The drama surrounding the Arizona Coyotes and their arena issues feel like they’re never going to end.
Craig Morgan of Arizona Sports reported Wednesday night a group based in Scottsdale, Arizona is courting the Coyotes to as tenants for a new multi-purpose event facility on Salt River Pima-Maricopa Indian Community land.
The facility would be part of a larger, approximately 65-acre sports village that could also include retail, entertainment, living and work spaces. A group of local businessmen, investors and advisors has been working with the community for more than a year, and multiple sources said the basic structure of the financing is already in place with Barclays Bank in the fold.
One source termed the project “an examination, with nothing concrete set yet,” admitting that an anchor tenant like the Coyotes or Suns would help.
“At this point we are determining whether or not it can be paid off with debt financing,” the source said. “We’re looking at the feasibility of filling it up with event nights. Obviously, a permanent tenant would be helpful, but we have been examining the option even without a permanent tenant.”
The backers of the project are speaking with the Phoenix Suns in addition to the Coyotes; however, the Coyotes current arena situation makes them more attractive as permanent tenants.
The team’s lease at Gila River Arena ends at after this season. All reports indicated the team would be heading to Tempe where they’d build an arena in conjunction with Arizona State University.
As Morgan continues, a decision will come down within the next six months.
A location on Salt River Pima-Maricopa Indian land could remove many of the perceived barriers to building an arena in other locations, including bonding issues, tax districts and political or public backlash. As one source noted: “We are not asking for any cash” from the community or the public.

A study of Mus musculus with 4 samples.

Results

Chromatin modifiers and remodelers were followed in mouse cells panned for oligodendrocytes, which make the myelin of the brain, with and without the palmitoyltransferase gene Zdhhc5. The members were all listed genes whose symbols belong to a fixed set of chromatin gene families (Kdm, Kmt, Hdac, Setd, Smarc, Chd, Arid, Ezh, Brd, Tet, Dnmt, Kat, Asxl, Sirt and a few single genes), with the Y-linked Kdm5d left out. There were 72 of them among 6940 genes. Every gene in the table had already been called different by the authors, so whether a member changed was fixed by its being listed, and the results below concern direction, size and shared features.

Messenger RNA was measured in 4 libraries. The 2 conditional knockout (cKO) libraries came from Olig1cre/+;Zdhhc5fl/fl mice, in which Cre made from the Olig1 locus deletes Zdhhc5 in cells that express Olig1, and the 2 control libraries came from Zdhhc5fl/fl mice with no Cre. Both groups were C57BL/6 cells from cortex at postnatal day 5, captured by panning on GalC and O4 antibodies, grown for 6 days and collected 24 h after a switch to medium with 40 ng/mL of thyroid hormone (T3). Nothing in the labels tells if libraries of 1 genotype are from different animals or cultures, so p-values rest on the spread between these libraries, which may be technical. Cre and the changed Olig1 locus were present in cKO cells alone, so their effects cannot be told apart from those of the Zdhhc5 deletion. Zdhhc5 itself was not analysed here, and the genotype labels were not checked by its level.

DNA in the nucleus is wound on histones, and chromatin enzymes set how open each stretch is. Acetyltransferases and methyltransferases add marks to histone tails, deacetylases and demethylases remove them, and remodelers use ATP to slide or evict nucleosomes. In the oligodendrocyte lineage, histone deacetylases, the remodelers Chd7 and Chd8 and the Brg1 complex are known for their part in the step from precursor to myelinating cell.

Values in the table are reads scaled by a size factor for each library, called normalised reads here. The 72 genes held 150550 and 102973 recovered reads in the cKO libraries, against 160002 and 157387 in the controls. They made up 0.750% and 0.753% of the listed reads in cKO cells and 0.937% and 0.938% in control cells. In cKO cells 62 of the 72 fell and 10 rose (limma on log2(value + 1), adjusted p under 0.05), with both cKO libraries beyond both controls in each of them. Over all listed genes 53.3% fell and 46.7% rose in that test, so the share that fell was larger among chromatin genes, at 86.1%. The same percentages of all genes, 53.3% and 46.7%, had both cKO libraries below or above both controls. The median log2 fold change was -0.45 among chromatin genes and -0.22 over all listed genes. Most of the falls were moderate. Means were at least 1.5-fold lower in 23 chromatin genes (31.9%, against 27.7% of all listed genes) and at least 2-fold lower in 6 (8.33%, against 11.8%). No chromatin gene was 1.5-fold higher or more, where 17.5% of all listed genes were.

The Coyotes have been subject to a political war of sorts with the City of Glendale over the lease at Gila River. The idea of private financing – without taking any public funds – is ideal for the team.
In late-June 2016, Coyotes president and CEO Anthony LeBlanc told reporters, “What we are going to be approaching [the new arena project] with is a concept of not looking for taxpayer dollars. Are we looking for some form of refund of sales taxes generated? Perhaps, those are the preliminary discussions we had with the state legislature a couple of months ago. It’s a very fluid situation, but what needed to happen was the site selection, which we have done and that allows us to move forward and start all these other ancillary things in a more progressed manner.”
The expectation of LeBlanc’s at the time is the team would front fifty percent of the cost and the public funds collected would finance the other half.
LeBlanc noted the team had selected the site for the arena. At the time, he said they were ‘several weeks’ away from making the official announcement. Again, that interview was in late June. The Coyotes have yet to officially release the arena site details.
Could the delay in announcement be because the ‘Yotes were having second thoughts about their selection and are considering this new location?
In short, no. That is, if you take LeBlanc at his word.
“Throughout this process we have had a number of groups solicit our involvement. This particular group and site are not one with which the Coyotes are working,” said LeBlanc to Arizona Sports on Wednesday.
Unless the Coyotes have signed a contract with their new site, it wouldn’t make good business-sense for the team to not check out the possible Scottsdale location. The franchise is in a better financial position than they had been in years past. Saving any money on an arena can only help secure their future.
Speculation will only continue until the team makes a formal announcement, but it could be worse. The speculation could be about relocation instead.